By Léo Azambuja
A string of Hawai‘i officials and stakeholders performed a groundbreaking ceremony for the Kaua‘i Philippine Cultural Center in Puhi last week.
“Today, we move some dirt. Tomorrow, our dreams come true,” KPCC president Lesther Calipjo said prior to the groundbreaking ceremony on a parcel of land next to the YMCA of Kaua‘i March 29.
Sabra Kauka blessed the grounds while several stakeholders and government officials sunk shovels on the property that will one day house a center “to provide, promote and enhance cultural, educational training and social programs as well as cross cultural exchanges in our multi-ethnic environment,” according to KPCC’s mission statement.
U.S. Rep. Tulsi Gabbard said everyone involved in the project worked hard. But the KPCC is not about them, she said; their motivation is the investment and commitment to the next generation.
Back in July 2012, the Kaua‘i County Council approved a 99-year lease on a prime 3.6 parcel of land, for $1 per year. Then in 2013, Grove Farm Company signed a 100-year lease on an adjoining property of more than 11 acres. The seed for the project had been planted years before, when in 2010, Calipjo, then Kaua‘i Filipino Chamber of Commerce President, called for the creation of a cultural center.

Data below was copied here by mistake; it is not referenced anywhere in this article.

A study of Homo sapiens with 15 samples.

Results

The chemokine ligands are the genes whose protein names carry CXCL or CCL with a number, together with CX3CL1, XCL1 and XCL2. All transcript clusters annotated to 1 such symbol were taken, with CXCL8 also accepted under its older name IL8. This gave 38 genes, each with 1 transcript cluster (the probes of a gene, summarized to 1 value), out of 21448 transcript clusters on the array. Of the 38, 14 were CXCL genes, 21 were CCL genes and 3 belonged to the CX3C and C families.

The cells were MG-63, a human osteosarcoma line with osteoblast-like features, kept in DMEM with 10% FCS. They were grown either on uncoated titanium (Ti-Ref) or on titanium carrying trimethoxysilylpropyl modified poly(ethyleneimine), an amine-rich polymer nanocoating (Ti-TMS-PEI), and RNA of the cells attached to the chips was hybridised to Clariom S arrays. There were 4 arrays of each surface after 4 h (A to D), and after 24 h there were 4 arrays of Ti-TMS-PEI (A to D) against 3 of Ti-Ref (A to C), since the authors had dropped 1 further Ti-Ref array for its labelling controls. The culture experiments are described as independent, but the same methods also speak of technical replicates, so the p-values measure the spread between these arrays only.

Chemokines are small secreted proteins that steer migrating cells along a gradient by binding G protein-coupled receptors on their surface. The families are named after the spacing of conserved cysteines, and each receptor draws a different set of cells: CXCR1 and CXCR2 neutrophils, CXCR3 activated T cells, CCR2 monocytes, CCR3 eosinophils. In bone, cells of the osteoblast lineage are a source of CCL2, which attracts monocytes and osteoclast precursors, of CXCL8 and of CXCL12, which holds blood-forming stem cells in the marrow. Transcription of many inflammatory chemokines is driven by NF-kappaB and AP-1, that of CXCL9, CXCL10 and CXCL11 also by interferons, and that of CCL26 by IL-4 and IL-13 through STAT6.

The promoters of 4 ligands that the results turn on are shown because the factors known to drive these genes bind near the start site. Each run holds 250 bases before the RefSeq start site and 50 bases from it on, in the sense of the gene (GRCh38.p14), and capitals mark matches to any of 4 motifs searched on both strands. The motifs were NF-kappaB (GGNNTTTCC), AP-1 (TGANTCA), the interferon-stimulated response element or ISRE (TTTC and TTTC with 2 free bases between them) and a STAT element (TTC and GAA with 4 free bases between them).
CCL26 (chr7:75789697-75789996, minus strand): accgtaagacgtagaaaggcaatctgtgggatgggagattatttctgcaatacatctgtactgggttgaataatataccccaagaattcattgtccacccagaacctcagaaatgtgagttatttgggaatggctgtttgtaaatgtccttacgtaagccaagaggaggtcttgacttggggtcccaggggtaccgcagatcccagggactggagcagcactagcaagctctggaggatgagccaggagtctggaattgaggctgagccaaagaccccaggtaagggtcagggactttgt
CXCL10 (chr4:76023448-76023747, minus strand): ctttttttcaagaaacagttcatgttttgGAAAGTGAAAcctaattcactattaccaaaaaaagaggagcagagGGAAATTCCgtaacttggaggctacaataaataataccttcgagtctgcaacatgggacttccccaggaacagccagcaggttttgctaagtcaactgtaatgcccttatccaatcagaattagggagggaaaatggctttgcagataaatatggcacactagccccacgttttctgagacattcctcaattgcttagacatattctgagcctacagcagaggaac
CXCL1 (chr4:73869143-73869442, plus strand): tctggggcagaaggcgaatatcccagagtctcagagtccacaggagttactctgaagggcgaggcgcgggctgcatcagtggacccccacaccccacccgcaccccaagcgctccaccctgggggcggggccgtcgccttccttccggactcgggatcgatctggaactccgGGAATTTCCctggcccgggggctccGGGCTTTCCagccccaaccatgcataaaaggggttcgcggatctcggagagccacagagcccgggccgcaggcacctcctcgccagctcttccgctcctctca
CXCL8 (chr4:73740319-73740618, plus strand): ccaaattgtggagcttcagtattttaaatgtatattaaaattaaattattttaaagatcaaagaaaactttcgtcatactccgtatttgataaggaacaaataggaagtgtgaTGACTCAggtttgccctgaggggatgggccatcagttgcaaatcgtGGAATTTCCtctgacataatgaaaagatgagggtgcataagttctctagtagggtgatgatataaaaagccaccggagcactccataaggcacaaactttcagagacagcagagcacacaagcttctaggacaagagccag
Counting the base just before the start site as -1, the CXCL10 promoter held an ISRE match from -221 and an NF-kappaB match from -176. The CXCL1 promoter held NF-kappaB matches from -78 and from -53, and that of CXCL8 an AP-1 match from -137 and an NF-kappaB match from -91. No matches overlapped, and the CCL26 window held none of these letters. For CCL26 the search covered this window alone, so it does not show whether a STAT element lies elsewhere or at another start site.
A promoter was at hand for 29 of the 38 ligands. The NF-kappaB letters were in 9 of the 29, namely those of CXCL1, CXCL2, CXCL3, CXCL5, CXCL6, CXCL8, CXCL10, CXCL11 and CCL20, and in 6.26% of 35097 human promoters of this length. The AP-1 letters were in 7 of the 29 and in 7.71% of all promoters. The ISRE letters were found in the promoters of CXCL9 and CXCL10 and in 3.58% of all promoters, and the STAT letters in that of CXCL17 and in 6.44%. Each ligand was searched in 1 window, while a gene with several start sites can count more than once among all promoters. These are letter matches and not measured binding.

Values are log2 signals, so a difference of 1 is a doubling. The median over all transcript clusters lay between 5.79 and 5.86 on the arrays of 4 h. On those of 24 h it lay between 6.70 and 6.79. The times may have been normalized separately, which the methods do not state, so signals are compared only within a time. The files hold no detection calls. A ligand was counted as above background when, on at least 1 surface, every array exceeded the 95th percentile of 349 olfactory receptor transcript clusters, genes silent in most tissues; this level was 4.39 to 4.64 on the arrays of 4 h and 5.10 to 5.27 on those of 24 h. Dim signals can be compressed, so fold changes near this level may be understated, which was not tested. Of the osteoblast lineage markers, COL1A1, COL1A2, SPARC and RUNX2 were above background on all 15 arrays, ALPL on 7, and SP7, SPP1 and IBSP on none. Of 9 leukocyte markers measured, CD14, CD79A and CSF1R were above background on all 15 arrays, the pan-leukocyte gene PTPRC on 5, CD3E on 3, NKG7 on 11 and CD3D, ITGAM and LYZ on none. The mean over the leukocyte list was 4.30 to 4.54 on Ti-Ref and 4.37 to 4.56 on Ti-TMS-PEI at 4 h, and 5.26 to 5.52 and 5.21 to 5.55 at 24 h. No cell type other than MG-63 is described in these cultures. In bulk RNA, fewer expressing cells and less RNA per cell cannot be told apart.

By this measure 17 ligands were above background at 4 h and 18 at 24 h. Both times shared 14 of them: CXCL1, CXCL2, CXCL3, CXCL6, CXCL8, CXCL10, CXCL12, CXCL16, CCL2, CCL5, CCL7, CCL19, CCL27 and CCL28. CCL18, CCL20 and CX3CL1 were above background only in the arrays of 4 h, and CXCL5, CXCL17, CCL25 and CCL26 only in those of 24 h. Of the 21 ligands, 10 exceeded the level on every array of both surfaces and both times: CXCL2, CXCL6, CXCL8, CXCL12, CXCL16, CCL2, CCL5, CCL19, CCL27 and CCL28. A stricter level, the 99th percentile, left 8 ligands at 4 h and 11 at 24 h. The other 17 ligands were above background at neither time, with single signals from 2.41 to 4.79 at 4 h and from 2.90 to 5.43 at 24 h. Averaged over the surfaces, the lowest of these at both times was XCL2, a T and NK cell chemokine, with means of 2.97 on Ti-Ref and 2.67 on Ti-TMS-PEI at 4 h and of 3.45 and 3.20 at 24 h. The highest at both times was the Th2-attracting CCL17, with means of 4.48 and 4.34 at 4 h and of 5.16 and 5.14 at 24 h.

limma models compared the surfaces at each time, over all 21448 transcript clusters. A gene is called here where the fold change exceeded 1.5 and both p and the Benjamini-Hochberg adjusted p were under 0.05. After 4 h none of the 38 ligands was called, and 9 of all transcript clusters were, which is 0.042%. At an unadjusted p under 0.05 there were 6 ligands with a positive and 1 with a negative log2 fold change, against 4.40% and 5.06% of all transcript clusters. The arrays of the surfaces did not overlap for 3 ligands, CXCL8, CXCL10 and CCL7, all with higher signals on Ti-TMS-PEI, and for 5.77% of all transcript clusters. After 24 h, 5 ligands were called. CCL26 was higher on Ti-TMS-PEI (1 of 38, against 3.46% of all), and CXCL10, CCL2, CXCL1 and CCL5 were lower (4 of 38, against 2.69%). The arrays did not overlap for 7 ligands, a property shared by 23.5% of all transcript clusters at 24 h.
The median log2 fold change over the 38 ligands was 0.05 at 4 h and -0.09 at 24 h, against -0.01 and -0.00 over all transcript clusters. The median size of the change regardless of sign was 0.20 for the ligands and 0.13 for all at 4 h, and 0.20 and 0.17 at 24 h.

Gov. David Ige commended Calipjo and the center for being an all-inclusive facility. Despite being put together by the Filipino community, the KPCC has been labeled as “a place for all” since the beginning.
State Rep. Jimmy Tokioka jokingly blamed Calipjo and the slogan for the long time it took for the project to get to the groundbreaking. Because Calipjo called it “a place for all,” he said, the state Department of Transportation had to widen the highway from Lihu‘e to Puhi to make sure there would be infrastructure for everyone.
State Sen. Ron Kouchi reminded the project began back when he and Tokioka were members of the Kaua‘i County Council. Now, as a state senator, he is pleased to see the project being executed.
Kaua‘i County Council Chair Mel Rapozo also commended the Filipino community for planning and organizing the project. He said when Calipjo first approached him with the idea years ago, he told Calipjo, “Lesther, we can’t even get a toilet done in this county, and you want to build a cultural center?”
Calipjo said despite the challenges, there was a lot of support from the County of Kaua‘i and the community through donations and fundraisers, and also from the state of Hawai‘i, which gave the KPCC a $1.5 million grant in aid in 2012.
Philippine Consul General Gina Jamoralin said the center is a classic demonstration of everyone coming together for a common goal. She has been in Hawai‘i for only a year and a half, but she said she feels the ‘ohana in the Islands. She comes to Kaua‘i often — she was here in February to provide consular services — and says the island has a “dynamic” community.
Mayor Bernard Carvalho Jr. said in terms of football, they are only on the 50-yard line.
“Let’s celebrate now, because there’s a lot of work to be done,” he said.